Collaboration Accelerates Undergrad Path to Dental School

Dentistry Today

The pandemic has revealed the need for greater commitment to eliminating health disparities among African-American communities and to advance health equity among all underserved populations, the schools said. The Dr. Levi Watkins Jr Institute/TSU/Meharry Accelerated Pathway Program seeks to address both issues.

The partnership will recruit, select, and support the education of African-American students who are interested in becoming physicians or dentists. Its goal is to increase the number of African-American trained healthcare providers who will stay and work in minority communities that have the greatest burden of healthcare needs.

“African-Americans continue to be underrepresented in medical schools. This partnership will help level the playing field and give them better opportunities that they so deserve,” said TSU president Glenda Glover.

“We look forward to working with Meharry Medical College to produce African-American physicians and dentists who will serve the communities that need them most. Even more, we’re so proud to have the initiative named after the esteemed Dr. Levi Watkins Jr, one of our own. He was a game changer, and so is this partnership,” said Glover.

“We remain committed to training more Black doctors who will go on to serve in minority communities, and this partnership will provide more opportunities for Black students,” said Dr. James EK Hildreth, president and CEO of Meharry Medical College.

“I am especially delighted about this partnership, as Dr. Watkins was a key mentor throughout my medical training and blazed the trail for me and countless other minority students who had been told there wasn’t a place for us within the medical community. I hope this new program will honor Dr. Watkins’ memory by continuing to prepare the way for minority students interested in medicine,” Hildreth said.

The accelerated program seeks to reduce the amount of time it takes students to enter medical school. The traditional four-year BS degree will become a three-year program as students spend three years pre-med at TSU before studying medicine or dentistry at Meharry. The result is completion in seven years instead of eight.

Recent reports from the Association of American Medical Colleges show the growth of Black or African-American medical school applicants, matriculants, and graduates lagged behind other groups despite increasing efforts by colleges and institutions to create a diverse physician workforce, the partners said.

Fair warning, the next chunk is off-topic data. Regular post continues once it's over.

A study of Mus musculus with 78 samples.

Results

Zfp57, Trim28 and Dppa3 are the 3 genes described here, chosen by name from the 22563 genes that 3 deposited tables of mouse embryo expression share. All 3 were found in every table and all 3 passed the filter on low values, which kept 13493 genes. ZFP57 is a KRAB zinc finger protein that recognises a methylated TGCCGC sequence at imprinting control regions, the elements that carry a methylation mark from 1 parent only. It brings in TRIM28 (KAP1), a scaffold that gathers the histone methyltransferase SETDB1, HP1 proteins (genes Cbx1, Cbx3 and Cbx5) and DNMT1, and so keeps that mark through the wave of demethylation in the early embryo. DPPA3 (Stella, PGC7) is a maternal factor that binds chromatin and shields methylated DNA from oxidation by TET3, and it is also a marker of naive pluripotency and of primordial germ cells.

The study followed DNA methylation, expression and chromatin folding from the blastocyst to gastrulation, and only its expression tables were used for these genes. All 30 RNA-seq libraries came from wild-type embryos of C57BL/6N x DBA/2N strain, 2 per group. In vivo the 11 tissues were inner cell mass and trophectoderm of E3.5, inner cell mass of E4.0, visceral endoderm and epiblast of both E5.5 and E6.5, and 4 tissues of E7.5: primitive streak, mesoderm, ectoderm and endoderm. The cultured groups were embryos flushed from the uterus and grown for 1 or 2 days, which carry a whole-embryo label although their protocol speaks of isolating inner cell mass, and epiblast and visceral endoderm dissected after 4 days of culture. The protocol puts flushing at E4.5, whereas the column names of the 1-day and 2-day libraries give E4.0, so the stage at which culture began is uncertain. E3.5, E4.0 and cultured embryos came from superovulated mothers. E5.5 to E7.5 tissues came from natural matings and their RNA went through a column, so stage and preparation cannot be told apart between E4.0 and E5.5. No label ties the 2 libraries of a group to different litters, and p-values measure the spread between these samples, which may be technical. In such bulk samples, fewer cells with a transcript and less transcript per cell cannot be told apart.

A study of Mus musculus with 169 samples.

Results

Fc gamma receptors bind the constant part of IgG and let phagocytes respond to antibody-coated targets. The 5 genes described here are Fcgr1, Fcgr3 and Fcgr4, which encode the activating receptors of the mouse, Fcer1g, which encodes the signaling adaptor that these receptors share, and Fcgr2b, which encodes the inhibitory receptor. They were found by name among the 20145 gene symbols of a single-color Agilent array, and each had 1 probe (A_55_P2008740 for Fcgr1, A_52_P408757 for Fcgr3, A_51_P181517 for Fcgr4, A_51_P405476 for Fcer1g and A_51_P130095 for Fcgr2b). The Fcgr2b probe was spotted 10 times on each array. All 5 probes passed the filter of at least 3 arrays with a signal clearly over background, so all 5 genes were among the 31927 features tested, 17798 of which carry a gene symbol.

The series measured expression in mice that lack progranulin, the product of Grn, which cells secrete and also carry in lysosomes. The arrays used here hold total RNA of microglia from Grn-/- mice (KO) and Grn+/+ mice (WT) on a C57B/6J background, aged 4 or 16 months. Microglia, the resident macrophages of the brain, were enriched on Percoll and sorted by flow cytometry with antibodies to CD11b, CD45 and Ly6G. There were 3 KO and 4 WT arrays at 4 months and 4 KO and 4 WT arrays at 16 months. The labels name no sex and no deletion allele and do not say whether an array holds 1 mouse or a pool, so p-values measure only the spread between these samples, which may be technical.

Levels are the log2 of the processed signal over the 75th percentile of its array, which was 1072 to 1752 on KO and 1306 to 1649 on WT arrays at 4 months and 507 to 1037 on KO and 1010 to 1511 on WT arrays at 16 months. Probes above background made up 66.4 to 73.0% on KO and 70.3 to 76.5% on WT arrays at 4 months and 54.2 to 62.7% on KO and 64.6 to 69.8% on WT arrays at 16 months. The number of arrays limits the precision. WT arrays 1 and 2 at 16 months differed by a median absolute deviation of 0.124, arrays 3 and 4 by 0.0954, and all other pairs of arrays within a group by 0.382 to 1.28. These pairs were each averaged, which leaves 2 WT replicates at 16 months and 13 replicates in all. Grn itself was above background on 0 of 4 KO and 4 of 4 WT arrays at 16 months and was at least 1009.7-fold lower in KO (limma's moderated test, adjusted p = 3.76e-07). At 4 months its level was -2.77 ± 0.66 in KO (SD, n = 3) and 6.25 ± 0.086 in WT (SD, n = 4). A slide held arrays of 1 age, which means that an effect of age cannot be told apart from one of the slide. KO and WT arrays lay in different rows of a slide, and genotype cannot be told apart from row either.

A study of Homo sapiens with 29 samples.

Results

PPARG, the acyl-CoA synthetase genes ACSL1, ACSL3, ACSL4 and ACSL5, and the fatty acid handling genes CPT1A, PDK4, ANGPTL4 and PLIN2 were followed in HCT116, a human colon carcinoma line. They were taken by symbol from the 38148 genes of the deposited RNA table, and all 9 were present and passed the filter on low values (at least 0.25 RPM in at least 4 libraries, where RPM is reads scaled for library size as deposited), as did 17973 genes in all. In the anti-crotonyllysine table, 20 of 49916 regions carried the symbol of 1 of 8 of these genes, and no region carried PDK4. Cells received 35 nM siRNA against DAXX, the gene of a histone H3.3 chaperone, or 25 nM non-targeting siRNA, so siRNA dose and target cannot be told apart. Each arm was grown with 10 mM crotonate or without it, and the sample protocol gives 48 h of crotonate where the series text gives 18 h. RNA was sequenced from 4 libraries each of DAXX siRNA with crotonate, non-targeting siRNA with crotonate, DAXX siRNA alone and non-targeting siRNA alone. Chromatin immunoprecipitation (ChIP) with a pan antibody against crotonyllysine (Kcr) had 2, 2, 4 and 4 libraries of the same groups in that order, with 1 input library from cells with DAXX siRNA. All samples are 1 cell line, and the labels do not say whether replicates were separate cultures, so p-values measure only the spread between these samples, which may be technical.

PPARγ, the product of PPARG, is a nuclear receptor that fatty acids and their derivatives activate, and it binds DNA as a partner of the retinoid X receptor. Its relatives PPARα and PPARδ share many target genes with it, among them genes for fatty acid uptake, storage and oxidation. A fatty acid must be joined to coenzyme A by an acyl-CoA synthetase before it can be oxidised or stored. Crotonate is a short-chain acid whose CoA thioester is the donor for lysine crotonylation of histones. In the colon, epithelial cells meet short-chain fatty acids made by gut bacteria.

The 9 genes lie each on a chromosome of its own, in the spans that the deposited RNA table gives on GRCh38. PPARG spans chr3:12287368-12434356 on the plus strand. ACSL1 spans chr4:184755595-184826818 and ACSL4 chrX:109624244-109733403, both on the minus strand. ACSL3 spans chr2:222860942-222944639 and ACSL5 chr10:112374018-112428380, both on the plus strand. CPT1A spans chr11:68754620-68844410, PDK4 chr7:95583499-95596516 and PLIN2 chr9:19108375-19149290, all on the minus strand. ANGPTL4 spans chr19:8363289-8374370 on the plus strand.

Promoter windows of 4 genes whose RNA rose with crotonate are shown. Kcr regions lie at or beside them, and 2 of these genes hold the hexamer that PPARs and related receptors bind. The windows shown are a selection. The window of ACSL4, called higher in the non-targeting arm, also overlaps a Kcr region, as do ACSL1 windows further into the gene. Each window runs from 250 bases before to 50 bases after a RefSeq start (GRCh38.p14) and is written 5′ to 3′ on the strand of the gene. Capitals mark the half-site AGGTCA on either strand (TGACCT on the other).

The proportion of Black medical students who identified as African-American or Black grew from 5.6% in 1980 to 7.7% in 2016. That’s a substantial increase, the schools said, but still short of the 13.2% in the general population.

The late Dr. Watkins was the first surgeon to successfully implant an automatic heart defibrillator in a human patient at the Johns Hopkins Hospital. He also was a pioneer in civil rights at Johns Hopkins University, fighting to diversify the medical staff and student ranks at the hospital. His legacy of recruiting and mentoring minority students helped to change the landscape of the medical profession, the schools said.

“In the nation and around the world, COVID-19 has revealed even more the need to eliminate health disparities among African-Americans and to advance health equity,” said Barbara Murrell, chair of the Institute.

“TSU and Meharry are responding by providing an accelerated pathway to prepare African-American physicians and dentists to serve underserved communities. It’s only fitting that the program is named for Dr. Levi Watkins Jr, who was a pioneer in advocating for more African-American physicians and health equity,” Murrell said.

Admission into the pathways program will require a 3.5 grade point average, a score of 1300 on two components of the SAT, or a 29 on the ACT. Mentoring, tutoring, and coaching will be crosscutting elements of the program, as will be career and professional guidance for all students involved. The first cohorts will begin in the fall of 2021.

“This partnership between TSU and Meharry will definitely increase the number of African-American physicians and dentists,” said Dr. Nolan McMurray, interim dean of TSU’s College of Life and Physical Sciences. “And it will address the health disparities affecting the African-American community, not only locally, but globally.”